Sport & Auto
- About Future
- Digital Future
- Cookies Policy
- Terms & Conditions
- Investor Relations
- Contact Future
Signature tires and a highly customized brake setup
A look at the school, the races and the future of this unique 'sport'
See how nearly every bicycle saddle is made
Ever wonder how FSA does it? Take a walk through the factory and find out
Aimee Alsbury met the random cycling idol Arthur Vichot in Norwood.
Obscure neo-professional thrust into the spotlight
The power of social networking has created a new star at this year’s Tour Down Under, in the form of French neo-professional Arthur Vichot. While it’s Vichot’s debut in the ProTour, the 21-year-old has fans wearing Allez Vichot Allez shirts and painting ‘Go Vichot’ or ‘Allez Arthur’ with a French flag on the road.
“There are more ‘go Vichot’ than ‘go Lance’, it’s amazing,” said Vichot.
The Française des Jeux rider was picked randomly by a group of cycling enthusiasts – led by Daniel Searson – in Adelaide, South Australia. They created a Facebook fan club for the rider, which has amassed 560 fans in two week and seen Cyclingnews inundated with requests regarding the rider during its live coverage of the race.
“We are from the Port Adelaide Cycling Club,” explained Aimee Alsbury, who finally had the chance to meet her idol prior to the start of stage four in Norwood.
“Only two weeks ago the idea came up to create an Australian fan-club for an unknown rider who would be doing his first race here, who had never been to Australia before and doesn’t speak English,” said Alsbury. “We went through the start list and we found Arthur on Facebook. That’s how we got to know that he came second at the U23 French championship. The club has grown from words of mouth.”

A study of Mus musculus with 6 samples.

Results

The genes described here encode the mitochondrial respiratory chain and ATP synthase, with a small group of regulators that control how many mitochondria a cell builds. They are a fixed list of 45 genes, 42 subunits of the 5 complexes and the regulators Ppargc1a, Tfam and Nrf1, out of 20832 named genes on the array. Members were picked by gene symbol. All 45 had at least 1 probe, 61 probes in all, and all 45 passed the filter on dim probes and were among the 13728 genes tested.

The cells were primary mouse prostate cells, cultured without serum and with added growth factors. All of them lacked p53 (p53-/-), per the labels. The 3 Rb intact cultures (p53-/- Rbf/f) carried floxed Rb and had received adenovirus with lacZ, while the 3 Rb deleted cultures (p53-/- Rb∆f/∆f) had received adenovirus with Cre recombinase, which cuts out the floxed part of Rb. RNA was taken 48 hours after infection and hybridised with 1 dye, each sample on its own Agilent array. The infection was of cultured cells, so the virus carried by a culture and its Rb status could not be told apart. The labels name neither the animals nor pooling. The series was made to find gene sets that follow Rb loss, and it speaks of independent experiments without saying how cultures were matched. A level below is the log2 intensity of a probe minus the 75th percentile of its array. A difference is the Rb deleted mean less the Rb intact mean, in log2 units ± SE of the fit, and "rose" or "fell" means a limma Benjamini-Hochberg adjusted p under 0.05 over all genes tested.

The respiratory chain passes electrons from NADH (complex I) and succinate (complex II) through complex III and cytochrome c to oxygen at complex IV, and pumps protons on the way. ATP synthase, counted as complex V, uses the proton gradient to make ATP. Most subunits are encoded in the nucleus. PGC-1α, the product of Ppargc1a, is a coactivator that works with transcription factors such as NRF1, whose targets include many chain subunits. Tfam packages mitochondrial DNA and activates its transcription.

During his first training ride with local cyclists in Adelaide last week, Lance Armstrong was asked by Alsbury: “Do you know Vichot?” The seven-time winner of the Tour de France had never heard this name but he was told: “You’ll know him by the end the Tour Down Under.” That’s exactly what’s happened.
Today’s fourth stage featured the rider’s name painted with the French flag at the base of the King of the Mountain climb. Vichot is the nephew of Frédéric Vichot, who was a stage winner in the Tour de France in 1984 and 1985 and was known as the world’s best downhill rider at the time.
“It is fun that this story occurs to me,” said Vichot, who has already been selected in his team’s Paris-Roubaix lineup.
Vichot’s supports have told him there will be more ‘Go Vichot’ signs painted on Willunga Hill tomorrow. He’ll be offered one of the increasingly famous T-shirts by the Port Adelaide Cycling Club at 6 PM on Sunday in the Hilton Hotel’s lobby. Space permitting, the fan club is hoping as many of its 560 members as possible attend the ceremony.